After the Herald broke the news that Sky TV is set to lose Formula 1 motorsport rights, a number of fans took to social media to express their hopes that the official F1 app will be released here.

The Herald understands falling audience numbers for F1 races, in part pinned on start times shifting to the early-hours New Zealand time and extensive free highlights on Facebook, meant Sky was unwilling to make a competitive bid to renew rights.

It is not yet known who will pick up the rights but there is an indication of the ballpark cost. In August 2014, Coliseum Sports Media boss Tim Martin told this reporter his company had made a $6 million bid for four years' F1 rights for New Zealand. Coliseum was trumped by Sky. (Two months later, Coliseum, which then held English Premier League and US and European golf rights, would form its short-lived Lightbox Sport joint venture with Spark).

Spark, which recently regained Premier League rights for three years from the 2019/2020 season and the Rugby World Cup 2019, could be in the frame for Formula 1. Its managing director, Simon Moutter, has previously said rugby is not enough; a portfolio of top-flight sports is required for his company to be a serious content contender.


But on Twitter last night, some F1 fans were also hoping Sky's loss of rights could see the official F1 app available here (currently Formula One owner Liberty Media geo-blocks its app to Kiwis - or at least its live race coverage component).

Liberty launched its commercial-free F1 TV app in March, allowing F1 fans in the US, France, Germany and a number of other countries to watch races live for US$12 ($18.50) a month. A cheaper, non-geoblocked version offers historic races, behind-the-scenes footage and other frills.

But even if F1 TV does not end up being made available to New Zealanders for the next F1 season, the rise of direct-to-the-viewer apps remains a potent threat to old-school middle-men like pay TV broadcasters and newcomer content aggregators like Spark's Lightbox.

Apps allow the organisation that controls a competition to take more control of its rights, and potentially make more money. NFL Pass, NHL Pass and MLB TV are often cited as examples of successful apps in the US.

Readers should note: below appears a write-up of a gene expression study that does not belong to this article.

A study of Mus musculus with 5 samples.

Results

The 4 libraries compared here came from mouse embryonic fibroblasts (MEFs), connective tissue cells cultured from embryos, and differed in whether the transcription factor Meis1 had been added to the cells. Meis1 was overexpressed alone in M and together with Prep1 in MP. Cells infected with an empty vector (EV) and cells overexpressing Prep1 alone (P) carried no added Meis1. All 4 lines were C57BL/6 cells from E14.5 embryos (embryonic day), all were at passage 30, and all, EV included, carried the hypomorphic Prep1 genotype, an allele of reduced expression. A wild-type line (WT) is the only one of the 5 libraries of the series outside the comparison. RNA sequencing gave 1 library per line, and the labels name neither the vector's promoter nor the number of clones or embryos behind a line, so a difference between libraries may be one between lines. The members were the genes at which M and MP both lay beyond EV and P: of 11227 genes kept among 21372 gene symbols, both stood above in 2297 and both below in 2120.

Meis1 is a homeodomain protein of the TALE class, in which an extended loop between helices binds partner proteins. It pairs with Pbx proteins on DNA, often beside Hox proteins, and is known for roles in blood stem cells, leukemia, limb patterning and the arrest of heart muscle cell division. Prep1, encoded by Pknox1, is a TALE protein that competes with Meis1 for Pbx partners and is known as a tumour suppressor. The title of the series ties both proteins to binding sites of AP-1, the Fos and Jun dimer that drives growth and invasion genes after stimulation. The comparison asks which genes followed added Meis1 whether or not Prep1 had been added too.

In the UK, the Premier League quietly launched its own app this season, complementing coverage already available via Sky TV UK, BT Sport and Amazon.

But the most notable on the sports side is official NBA League Pass app, which is not geo-blocked. Basketball fans anywhere in the world (including NZ) can watch any game streamed live - albeit at eye-watering prices (it costs US$184 to follow one team's games for a season or US$329).

At a recent media event, Sky TV director of sport Richard Last said at those sorts of prices, NBA League Pass did not represent any sort of threat. Things could change, however, if the NBA moves to more mass-market pricing in future.

On the entertainment side, the likes of HBO and Showtime have launched their own apps, allowing people to access their content without the need to subscribe to a pay TV channel. All they need is some sort of access to the internet. They all remain geo-blocked, and the pricing is pushing it today (HBO Now costs US$19.99/month, but again it represents a future threat to the likes of Sky if they move to a more global model.


Here, NZ Rugby has dipped its toes in the water by putting a limited number of second-tier games on All Blacks TV.

All Blacks TV is produced in partnership with Sky TV, but it's notable that Sky gets no badging on the site. It's possible that NZ Rugby is starting to appreciate its power.